Modern bluegrass doesn’t get much better, if at all, than Route 3. The Missouri-based quartet’s second album Losing Time marks the point where they move away from being a promising one-off project into the realm of one of the best all-around bands working in the American roots music scene today. They know tradition from one end to the other, even a cursory listen to the lyrics reveals allusions calling back to the style’s past, but they couple that fidelity to the past with a willingness to push the music into individual territory. Bluegrass is not a butterfly pinned under glass in Route 3’s hands but, instead, a viable artistic vehicle.
“Losing Time” is rife with meaning without ever sounding forced, bloated, or waxing philosophical. There is a handful of songs on this album that some listeners may hear and think, well, this is one is a country song masquerading as a bluegrass tune, or this one is folky, and it’s fine. You can’t easily pigeonhole this band. The title song has a classic country tilt, as do other examples of the band’s songwriting, but they ‘grass it up with great skill.
“Cartersville”, a great choice for a single from the album, puts the band’s storytelling talents in sharp focus. Route 3 is wise enough to never overcomplicate things, either in the music or words, and as a result, there is an almost magical give and take between different aspects of the song. It is one of the highlights, no doubt, and pulls listeners in early. “The Bullet Took Two” is a spooky from beyond the grave lament of a murder/suicide that is pure bluegrass, albeit in a darker vein. The classic contrast of the jaunty music with such a tale of unmitigated woe works as well as ever in 2022.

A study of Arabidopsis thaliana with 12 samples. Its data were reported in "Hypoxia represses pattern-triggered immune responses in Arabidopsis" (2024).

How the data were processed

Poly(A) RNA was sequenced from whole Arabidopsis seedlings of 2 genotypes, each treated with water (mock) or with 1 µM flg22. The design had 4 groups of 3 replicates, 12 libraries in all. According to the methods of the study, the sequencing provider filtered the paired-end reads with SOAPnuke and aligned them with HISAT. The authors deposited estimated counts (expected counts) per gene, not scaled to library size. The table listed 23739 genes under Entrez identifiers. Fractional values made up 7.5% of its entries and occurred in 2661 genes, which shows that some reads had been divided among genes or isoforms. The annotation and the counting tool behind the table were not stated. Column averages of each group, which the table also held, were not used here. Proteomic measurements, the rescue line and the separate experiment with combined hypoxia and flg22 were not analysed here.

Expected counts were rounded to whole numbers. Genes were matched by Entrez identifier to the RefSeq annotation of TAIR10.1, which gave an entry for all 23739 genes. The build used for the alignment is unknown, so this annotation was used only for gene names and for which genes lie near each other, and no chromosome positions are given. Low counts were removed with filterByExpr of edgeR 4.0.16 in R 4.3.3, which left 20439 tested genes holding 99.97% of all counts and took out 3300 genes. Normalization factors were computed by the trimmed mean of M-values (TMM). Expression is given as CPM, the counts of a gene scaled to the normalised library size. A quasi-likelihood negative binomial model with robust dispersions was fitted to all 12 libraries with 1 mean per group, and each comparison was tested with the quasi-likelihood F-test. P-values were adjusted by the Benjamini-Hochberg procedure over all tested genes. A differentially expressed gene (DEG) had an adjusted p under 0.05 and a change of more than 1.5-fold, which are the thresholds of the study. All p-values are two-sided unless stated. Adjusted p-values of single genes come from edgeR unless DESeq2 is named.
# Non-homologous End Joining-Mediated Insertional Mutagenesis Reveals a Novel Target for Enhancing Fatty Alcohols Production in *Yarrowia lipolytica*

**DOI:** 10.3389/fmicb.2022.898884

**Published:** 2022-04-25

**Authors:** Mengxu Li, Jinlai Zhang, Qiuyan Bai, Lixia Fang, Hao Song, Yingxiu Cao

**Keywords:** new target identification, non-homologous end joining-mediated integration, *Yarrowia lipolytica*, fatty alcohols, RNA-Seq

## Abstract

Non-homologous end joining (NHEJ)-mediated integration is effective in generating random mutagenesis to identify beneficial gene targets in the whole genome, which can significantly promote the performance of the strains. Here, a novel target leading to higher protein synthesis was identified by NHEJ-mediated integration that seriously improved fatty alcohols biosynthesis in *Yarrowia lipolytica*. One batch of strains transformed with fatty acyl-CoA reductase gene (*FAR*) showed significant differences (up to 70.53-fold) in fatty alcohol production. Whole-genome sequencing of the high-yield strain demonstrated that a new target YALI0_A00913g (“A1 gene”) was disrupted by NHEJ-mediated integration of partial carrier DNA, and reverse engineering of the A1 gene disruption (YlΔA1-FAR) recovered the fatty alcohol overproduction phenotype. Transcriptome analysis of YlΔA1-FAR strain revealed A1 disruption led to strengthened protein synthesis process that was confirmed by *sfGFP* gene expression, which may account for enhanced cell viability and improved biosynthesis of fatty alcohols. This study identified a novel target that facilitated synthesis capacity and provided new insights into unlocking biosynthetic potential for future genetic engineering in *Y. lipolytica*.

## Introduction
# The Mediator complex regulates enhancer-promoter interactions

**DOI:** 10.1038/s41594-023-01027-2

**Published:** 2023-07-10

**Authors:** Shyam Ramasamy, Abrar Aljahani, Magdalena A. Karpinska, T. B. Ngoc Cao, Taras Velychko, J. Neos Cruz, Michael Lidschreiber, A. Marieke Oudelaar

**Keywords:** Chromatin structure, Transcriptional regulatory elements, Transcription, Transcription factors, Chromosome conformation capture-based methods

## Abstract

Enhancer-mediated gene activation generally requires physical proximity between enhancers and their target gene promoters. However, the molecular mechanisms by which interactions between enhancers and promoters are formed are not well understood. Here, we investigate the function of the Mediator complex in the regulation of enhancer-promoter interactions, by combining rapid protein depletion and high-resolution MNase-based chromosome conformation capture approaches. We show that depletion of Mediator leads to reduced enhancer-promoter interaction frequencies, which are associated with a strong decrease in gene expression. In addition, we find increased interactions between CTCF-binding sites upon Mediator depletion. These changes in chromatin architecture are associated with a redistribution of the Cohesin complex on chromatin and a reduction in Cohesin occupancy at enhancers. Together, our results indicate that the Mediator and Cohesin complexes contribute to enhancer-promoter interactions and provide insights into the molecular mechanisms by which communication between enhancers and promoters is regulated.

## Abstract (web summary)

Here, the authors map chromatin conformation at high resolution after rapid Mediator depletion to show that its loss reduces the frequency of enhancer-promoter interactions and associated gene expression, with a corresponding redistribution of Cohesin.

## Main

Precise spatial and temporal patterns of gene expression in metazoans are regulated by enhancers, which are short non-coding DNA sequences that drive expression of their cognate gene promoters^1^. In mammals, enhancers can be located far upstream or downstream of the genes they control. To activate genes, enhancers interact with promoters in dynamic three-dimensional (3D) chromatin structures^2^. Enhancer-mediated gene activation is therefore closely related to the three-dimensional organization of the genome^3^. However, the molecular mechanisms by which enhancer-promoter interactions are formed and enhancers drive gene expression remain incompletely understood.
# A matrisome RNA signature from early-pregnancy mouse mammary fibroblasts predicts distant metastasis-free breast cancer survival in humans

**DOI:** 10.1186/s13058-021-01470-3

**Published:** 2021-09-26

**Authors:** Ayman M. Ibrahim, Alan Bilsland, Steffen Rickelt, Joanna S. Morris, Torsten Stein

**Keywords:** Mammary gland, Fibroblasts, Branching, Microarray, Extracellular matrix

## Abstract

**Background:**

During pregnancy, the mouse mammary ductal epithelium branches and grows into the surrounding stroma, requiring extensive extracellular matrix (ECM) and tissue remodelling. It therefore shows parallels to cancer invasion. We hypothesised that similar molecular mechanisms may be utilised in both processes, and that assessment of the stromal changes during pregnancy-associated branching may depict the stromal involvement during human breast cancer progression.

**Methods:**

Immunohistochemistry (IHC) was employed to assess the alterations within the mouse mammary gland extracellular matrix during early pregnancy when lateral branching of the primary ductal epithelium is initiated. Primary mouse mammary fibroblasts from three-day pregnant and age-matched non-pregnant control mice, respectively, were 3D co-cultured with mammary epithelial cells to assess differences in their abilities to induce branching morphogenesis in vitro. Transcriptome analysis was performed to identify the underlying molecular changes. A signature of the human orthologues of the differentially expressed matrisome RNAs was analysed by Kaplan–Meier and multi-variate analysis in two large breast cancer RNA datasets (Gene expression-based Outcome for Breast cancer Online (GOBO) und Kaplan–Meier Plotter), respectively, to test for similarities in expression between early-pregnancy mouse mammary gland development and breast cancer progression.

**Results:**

Flashes of the blues burst into the frame for the album’s later track “Mississippi Line” with memorable results. Route 3 never tips the scales too far in that direction, however, and even a stylized nod such as we hear with this cut is enough to deepen the tune. It is an excellent song, especially so late in the running order. The eloquent yet plain-spoken maturity of “I’m Gonna Live” is a late gem on the album that could land flat-footed in listeners’ consciousness but, instead, carries you away with its simple melodic grace.
“Jasper Beckett” stands alongside the earlier “Cartersville” as the album’s twin peaks. It’s appropriately saved as Losing Time’s “climax” and, evaluated as such, closes the album in a masterful fashion. The songwriting draws strong characters without belaboring them and invokes setting and detail for listeners in a way few songs do. Every song on this second album will get an eventual turn in the band’s live set and some of them will remain staples of their act for as long as these four gentlemen decide to make music together. Route 3’s Losing Time is eleven songs of bluegrass goodness that both casual and longtime fans will enjoy.